Pianist Daniel Schlosberg is Mr. Versatility. Solo recitalist. Orchestral soloist. Solo accompanist. Chamber musician. Now based in Chicago, the Los Angeles native can do it all, and he regularly gets calls for his services from a broad range of the city’s classical musicians and ensembles, including eighth blackbird, Dempster St. Pro Musica and the Avalon String Quartet, as well as others across the country.

“I definitely prefer a wide variety,” he said. “A lot of my interests are toward the outer limits of the repertoire, so I do have a big interest in early music as well as the very contemporary composers. My dad was an amateur viola da gamba player, so I grew up with the sounds of early music around me, but I’ve also been very involved with new music with various groups in Chicago and elsewhere.”

At the same time, Schlosberg does not neglect more conventional 18th- and 19th-century classical repertoire. “There is nothing I enjoy more than accompanying a Schubert song,” he said. Indeed, accompanying singers is one of his specialities, and he regularly collaborates with such artists as Chicago-based baritone Ryan de Ryke. Schlosberg studied with Gilbert Kalish, a renowned vocal accompanist, while completing his doctorate at Stony Brook University in suburban New York City, and he pursued additional training in this realm at the Britten-Pears Young Artist Programme in Aldeburgh, England, and the Franz Schubert Institut in Baden bei Wein, Austria. Since 2010, he has directed the Baltimore Lieder Weekend, which includes performances and scholarly discussions of art song.

Vocal accompaniment presents challenges for a pianist that go beyond those associated with backing a solo instrumentalist. “There is probably more flexibility that is needed,” Schlosberg said, “just because of the nature of using one’s voice, and also, of course, you have to know intimately the text, not just what the words mean but the meaning of the poem and what the composer’s reaction is to the poem.”

About the only slice of classical music that Schlosberg tends to eschew is the late romantic Russian repertoire. So don’t expect to hear him perform Rachmaninov’s Piano Concerto No. 3 or Tchaikovsky’s Piano Concerto No. 1.

Schlosberg is a member of the piano faculty at the University of Notre Dame near South Bend, Ind., but he does much of his performing in Chicago. “There’s so much going on, especially with the new music scene,” he said. “There’s more going on in New York, but there’s just so much support for the community here and everyone supports each other, so I think it’s really a healthy environment. I just like the slightly less hectic atmosphere, compared to New York. And of course, the CSO is an incredible institution and resource.”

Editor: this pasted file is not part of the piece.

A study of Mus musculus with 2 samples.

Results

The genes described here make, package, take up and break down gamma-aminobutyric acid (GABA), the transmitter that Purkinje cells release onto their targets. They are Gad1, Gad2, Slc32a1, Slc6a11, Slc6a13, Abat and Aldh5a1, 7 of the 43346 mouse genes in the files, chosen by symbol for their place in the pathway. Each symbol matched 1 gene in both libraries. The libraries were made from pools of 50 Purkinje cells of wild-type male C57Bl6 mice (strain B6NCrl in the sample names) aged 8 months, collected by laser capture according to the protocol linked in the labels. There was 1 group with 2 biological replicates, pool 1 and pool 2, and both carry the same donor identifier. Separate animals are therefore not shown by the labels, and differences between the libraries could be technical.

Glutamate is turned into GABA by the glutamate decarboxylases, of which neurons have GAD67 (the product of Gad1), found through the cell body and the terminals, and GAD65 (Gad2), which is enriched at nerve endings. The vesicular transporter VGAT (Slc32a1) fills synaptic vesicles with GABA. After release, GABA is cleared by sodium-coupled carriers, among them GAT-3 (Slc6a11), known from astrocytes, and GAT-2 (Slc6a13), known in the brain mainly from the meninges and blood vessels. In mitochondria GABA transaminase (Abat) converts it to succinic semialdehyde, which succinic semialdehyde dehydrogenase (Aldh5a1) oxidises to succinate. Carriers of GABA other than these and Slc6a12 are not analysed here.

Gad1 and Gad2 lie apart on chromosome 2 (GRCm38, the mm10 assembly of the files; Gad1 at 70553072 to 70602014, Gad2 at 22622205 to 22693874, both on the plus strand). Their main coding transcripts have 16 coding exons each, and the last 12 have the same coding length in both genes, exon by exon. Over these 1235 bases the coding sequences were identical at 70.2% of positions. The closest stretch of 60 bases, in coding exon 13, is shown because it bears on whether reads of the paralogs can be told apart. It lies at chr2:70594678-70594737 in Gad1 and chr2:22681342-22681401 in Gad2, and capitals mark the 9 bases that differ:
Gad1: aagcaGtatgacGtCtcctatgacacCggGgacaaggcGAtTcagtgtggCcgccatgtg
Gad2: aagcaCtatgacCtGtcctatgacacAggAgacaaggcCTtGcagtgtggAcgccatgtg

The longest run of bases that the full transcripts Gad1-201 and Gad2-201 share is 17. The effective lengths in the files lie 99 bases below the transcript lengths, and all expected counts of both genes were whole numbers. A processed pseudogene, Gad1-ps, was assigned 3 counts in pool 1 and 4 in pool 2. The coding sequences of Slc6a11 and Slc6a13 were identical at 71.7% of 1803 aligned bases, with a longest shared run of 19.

Chicago audiences have had several opportunities to hear Schlosberg in June, and there are more to come. “It’s a fun month for me,” he said, “and very varied assignments.” Among them was a recital he presented June 3 as part of the PianoForte Salon Series Live at Pianoforte Chicago. The one-hour concert, which was broadcast live on WFMT-FM (98.7), featured excerpts from “Gaul Me Maybe: French Baroque Keyboard Music,” his latest album on the Centaur Records label, as well as works by Wolfgang Amadeus Mozart, Gabriel Fauré and Maurice Ravel.

He participates in the Chicago Symphony Orchestra’s MusicNOW program June 6 that will include the world premiere of Light Readings by CSO Mead Composer-in-Residence Samuel Adams. The 11-movement work is scored for 25 vocalists and eight instruments, including a piano with a transducer speaker used to create sine-wave resonance. Conductor Donald Nally leads members of the CSO and guest musicians in this performance, as well as Northwestern University’s Bienen Contemporary/Early Vocal Ensemble.

Then Schlosberg will join a singer and six other musicians June 15 for the final concert of the CSO’s 2015-16 All-Access Chamber Music Series. The event, which will be presented at Symphony Center’s Buntrock Hall, will feature Aaron Copland’s Piano Quartet (1950), Kaija Saariaho’s Cloud Trio (2010), Matthew Aucoin’s This Earth (2015), Johannes Brahms’ Two Songs, Op. 91 (1884), and James Matheson’s Songs of Desire, Love and Loss (2004).

On July 12, Schlosberg will team with the Chicago-based Spektral Quartet for a performance of Robert Schumann’s beloved Piano Quintet, Op. 44, under the auspices of the Rush Hour Concerts’ Summer Series at St. James Cathedral, 65 E. Huron. After a reception beginning at 5:15 p.m., the free concert starts at 5:45 p.m.

For Mr. Versatility, these summertime performances provide just the mix of styles and instrumental combinations that he thrives on.

Kyle MacMillan, former classical music critic of the Denver Post, is a Chicago-based arts journalist.